Meet the Royal Concertgebouw Orchestra Trombones: Bart Claessens (Principal)

Bart Claessens (Principal Trombone) spoke with Dale and Jamie from The Eighth Position in advance of the Royal Concertgebouw Orchestra’s Australian tour in November 2013 

Bart Claessens - photo: Bach Brass

Bart Claessens – photo: Bach Brass

What was the musical journey you took before winning your current position with the Royal Concertgebouw Orchestra (RCO)?

I started to play the violin when I was five years old. At that time I also started to play trumpet and when I was 11 changed from trumpet to trombone. My mother was my teacher on trumpet and said it might be a good idea to try to change to trombone. After I tried it I was completely sold. I began my trombone lessons with Ruud Welle and studied with him until I was 15, when I started lessons with George Wiegel at the Rotterdam Conservatory as a junior student. At age 19, in 2002, I won the job of Second/Bass Trombone of the RCO, and was appointed Principal Trombone of the RCO after another audition in 2007.

The RCO was recently crowned the world’s greatest orchestra by Gramophone magazine. What is life like as a permanent member of the RCO?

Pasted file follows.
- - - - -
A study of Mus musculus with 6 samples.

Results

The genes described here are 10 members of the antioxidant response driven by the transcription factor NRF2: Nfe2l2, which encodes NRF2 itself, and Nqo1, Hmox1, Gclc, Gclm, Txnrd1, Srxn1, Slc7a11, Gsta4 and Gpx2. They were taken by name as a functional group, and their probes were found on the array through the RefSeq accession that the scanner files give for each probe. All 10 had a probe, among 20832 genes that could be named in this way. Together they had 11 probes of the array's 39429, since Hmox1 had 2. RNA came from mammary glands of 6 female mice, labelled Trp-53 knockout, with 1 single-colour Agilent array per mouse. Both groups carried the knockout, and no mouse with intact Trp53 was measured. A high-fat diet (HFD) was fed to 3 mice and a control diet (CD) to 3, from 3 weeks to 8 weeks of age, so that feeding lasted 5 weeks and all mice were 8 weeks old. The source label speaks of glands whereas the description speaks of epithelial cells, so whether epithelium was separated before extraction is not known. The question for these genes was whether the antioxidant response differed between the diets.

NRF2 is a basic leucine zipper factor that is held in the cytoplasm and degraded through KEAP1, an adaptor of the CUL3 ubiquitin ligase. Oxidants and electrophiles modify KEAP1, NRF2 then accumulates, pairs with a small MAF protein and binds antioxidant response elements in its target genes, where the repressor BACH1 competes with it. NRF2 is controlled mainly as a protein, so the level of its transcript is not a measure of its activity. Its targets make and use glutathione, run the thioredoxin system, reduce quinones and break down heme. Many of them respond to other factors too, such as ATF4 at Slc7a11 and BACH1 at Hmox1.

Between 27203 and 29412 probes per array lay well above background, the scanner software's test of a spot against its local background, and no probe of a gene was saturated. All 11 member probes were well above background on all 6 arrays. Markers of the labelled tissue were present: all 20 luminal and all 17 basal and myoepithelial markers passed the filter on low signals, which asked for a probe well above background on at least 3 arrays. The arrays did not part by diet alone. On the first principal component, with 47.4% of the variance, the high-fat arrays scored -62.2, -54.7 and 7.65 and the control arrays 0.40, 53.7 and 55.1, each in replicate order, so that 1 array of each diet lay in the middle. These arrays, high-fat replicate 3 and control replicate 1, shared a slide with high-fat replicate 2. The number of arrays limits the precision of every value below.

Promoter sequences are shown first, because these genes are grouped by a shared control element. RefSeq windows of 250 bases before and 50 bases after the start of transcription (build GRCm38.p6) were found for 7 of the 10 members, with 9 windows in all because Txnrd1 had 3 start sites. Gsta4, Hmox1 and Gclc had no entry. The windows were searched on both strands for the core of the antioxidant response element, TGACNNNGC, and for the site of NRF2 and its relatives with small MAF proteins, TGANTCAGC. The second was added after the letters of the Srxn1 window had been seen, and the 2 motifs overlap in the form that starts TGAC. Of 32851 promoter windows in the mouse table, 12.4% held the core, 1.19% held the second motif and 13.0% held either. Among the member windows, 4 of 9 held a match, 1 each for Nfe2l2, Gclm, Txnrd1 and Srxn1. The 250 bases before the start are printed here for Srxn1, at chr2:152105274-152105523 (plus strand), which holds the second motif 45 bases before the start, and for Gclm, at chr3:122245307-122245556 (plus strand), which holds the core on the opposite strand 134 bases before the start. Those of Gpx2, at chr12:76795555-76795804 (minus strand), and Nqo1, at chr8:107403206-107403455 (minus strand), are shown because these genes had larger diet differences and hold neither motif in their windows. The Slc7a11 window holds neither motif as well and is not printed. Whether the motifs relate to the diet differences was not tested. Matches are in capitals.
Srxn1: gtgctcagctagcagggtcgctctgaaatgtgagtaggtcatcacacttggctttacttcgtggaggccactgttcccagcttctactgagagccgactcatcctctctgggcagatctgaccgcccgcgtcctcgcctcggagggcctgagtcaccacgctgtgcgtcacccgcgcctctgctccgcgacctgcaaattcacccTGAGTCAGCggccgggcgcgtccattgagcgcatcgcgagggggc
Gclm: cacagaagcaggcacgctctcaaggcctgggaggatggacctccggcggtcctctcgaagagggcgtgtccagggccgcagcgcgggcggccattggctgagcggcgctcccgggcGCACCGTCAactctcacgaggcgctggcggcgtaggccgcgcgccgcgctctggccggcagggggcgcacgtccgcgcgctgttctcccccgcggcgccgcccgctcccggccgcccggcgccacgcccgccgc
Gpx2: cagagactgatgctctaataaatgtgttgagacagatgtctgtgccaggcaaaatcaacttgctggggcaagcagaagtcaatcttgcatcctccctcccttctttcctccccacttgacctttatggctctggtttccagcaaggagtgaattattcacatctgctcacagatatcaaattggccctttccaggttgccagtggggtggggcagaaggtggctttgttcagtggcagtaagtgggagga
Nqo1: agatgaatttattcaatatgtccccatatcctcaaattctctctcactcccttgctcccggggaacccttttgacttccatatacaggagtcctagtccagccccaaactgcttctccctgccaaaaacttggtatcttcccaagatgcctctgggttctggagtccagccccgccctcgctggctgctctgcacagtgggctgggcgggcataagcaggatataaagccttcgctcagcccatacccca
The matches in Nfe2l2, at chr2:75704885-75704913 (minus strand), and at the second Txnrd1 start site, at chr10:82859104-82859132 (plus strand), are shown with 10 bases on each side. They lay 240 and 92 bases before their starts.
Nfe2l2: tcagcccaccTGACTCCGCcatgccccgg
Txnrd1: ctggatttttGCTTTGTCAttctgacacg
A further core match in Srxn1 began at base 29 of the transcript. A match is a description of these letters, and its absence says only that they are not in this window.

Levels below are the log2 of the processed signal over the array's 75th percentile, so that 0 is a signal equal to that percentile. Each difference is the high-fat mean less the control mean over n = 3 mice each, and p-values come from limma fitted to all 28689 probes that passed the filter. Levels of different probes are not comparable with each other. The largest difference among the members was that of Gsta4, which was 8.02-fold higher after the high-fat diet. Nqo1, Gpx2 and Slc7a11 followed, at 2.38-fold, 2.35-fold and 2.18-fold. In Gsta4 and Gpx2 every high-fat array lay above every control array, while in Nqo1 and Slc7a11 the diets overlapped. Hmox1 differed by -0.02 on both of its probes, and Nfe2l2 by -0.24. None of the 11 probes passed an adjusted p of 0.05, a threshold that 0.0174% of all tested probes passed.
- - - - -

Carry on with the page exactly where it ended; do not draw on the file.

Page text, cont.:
It is great. We have a very friendly orchestra, so the atmosphere is very nice during our rehearsals, concerts and of course the many tours we do. I have been in the orchestra since 2002 and feel that I have quite many friends among my colleagues. I enjoy the opportunity to play with some of the best musicians in the world and to share the stage with the best conductors and soloists. Also our concert hall, the famous Concertgebouw, is a great place to work.

What are your impressions of the Concertgebouw as a concert venue, and how does it differ from other concert halls that you’ve played in around the world?

It is a beautiful building which is famous for its acoustics. In my experience it is one of the best concert halls in the world. It is not easy to play on stage, because it is a bit [of a wet] acoustic, but if you listen in the hall you can hear everything and the sound blends really nicely.